CHICAGO (CBS) — If your commute includes a ride on the ‘L,’ you might end up in the middle of a big party on Tuesday. The CTA is celebrating 125 years of elevated trains in Chicago.
On June 6, 1892, the first elevated trains began running on what is now the Green Line. Back then, it was known as the “Alley L” or the “South L.”
When the trains first began operating, they were made up of wooden passenger cars pulled by small coal-burning steam locomotives.
The original ‘L’ ran on tracks from Congress Parkway to 39th Street, just east of State Street; but historian Graham Garfield said 39th Street was its southern terminal for only two months.
“Even before it began running trains, it was planning extensions,” he said.
The destination was 63rd Street and Jackson Park, a destination that became more urgent because of the impending opening of the World’s Columbian Exposition on May 1, 1893.
The ‘L’ trains began running into the World Fair’s grounds May 12, 1893.
More elevated tracks were built by private companies over the next 10 years as the trains gained popularity – including the Lake Street “L,” which is now the Lake branch of the Green Line; the Metropolitan West Side “L,” which later became sections of the Blue Line and Pink Line; the Union “L,” which is now the iconic Loop; and the Northwestern “L,” which now makes up part of the Brown, Purple and Red Lines.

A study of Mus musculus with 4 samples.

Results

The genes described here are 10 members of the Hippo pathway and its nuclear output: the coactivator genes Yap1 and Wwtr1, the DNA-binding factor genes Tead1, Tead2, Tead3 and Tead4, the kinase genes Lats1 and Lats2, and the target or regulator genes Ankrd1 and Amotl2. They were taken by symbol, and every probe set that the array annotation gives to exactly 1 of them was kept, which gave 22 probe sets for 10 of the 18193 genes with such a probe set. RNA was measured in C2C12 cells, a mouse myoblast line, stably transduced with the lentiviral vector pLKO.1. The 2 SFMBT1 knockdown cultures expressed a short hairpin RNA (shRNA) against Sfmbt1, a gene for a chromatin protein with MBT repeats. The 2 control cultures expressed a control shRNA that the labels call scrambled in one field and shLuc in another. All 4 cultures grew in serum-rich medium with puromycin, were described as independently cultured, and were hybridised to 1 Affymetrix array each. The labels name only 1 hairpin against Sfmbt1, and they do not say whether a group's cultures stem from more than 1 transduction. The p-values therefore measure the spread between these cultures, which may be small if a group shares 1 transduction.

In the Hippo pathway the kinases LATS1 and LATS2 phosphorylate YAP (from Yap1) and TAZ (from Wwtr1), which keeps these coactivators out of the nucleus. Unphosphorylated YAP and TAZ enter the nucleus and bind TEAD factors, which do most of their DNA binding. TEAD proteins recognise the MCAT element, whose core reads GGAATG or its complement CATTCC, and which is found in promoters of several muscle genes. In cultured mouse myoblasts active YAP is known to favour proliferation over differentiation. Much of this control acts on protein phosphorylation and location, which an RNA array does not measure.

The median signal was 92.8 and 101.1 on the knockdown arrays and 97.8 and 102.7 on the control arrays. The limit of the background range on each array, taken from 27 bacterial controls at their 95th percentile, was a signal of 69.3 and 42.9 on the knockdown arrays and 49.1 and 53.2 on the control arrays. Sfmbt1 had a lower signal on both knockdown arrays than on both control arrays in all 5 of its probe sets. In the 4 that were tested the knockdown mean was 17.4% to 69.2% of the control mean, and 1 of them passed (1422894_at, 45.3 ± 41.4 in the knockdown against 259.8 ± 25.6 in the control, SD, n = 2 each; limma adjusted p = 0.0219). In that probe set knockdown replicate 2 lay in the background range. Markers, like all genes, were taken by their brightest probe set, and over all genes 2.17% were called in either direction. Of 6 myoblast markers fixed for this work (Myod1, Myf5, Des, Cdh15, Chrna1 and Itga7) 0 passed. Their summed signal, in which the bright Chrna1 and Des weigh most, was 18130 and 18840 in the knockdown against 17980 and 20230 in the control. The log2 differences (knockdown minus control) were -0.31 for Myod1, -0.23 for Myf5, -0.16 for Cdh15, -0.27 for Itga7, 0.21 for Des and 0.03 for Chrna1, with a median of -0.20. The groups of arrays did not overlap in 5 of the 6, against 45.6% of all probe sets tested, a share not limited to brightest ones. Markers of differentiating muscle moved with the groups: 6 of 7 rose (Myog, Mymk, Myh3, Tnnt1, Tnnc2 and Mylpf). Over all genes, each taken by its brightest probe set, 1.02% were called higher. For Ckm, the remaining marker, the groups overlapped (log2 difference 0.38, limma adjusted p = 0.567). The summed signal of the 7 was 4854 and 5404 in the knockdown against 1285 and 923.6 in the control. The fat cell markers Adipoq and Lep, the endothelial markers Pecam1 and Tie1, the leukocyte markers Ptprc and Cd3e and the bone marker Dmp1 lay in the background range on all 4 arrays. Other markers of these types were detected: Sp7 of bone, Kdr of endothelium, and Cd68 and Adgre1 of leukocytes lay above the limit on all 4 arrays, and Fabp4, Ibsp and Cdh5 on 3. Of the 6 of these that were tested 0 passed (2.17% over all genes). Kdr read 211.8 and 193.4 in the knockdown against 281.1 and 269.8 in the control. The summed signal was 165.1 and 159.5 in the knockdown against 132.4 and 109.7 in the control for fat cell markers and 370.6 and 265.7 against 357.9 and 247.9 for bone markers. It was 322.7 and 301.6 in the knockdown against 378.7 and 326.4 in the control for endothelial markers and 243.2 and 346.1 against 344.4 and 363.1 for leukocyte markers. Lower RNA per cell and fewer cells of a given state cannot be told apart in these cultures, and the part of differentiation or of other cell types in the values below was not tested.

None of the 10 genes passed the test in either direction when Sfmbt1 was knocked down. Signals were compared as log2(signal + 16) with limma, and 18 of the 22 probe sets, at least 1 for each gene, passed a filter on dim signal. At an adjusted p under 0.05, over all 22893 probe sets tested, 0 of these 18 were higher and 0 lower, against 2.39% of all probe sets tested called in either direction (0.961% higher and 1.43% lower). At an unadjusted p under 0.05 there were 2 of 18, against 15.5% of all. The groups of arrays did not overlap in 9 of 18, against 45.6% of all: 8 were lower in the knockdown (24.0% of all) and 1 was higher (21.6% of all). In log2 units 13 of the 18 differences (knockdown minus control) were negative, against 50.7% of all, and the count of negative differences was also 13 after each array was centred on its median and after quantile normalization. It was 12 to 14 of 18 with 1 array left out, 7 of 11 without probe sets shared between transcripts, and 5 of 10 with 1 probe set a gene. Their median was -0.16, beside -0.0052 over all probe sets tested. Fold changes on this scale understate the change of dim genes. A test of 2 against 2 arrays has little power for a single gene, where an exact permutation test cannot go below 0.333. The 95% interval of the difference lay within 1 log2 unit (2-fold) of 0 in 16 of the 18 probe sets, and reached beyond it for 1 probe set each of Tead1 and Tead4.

Today, the CTA’s train system spans nearly 225 miles of elevated and subway tracks, with a fleet of about 1,500 cars, some still running on original sections of the 1890s “L” system. The CTA said approximately 750,000 people ride on elevated tracks each day.
To celebrate the 125th anniversary of the “L,” the CTA was passing out commemorative posters at the Clark/Lake station on the Inner Loop platform from noon until 3:15 p.m. Historic “L” cars built in 1923 and 1976 also will operate in the Loop between noon and 3:15 p.m.
Mayor Rahm Emanuel rode one a vintage 4000-series train from 1923 to the Garfield Station on the Green Line on Tuesday, for a celebration at one of the oldest stations in the U.S.
The Garfield station is set for a $50 million facelift, which will include restoring the original brick stationhouse, built in 1892 for the World’s Columbian Exposition. The stationhouse, which is no longer in use, received landmark status from the city in 2001, and will be reopened for a public use, such as a community space.
The renovation of the station also will include improvements to the elevator and escalators, extended platform canopies, new public art, enhanced landscaping, new benches, and an improved pedestrian crossing. The city also will add more bike lanes in the area to improve access to the station.
“The investments we’re making today, which are unprecedented in the history of the CTA system, will also reinforce that it will be around for the next 125 years,” Emanuel said.
Work on the Garfield station renovation is set to begin next year, and will be completed by 2019.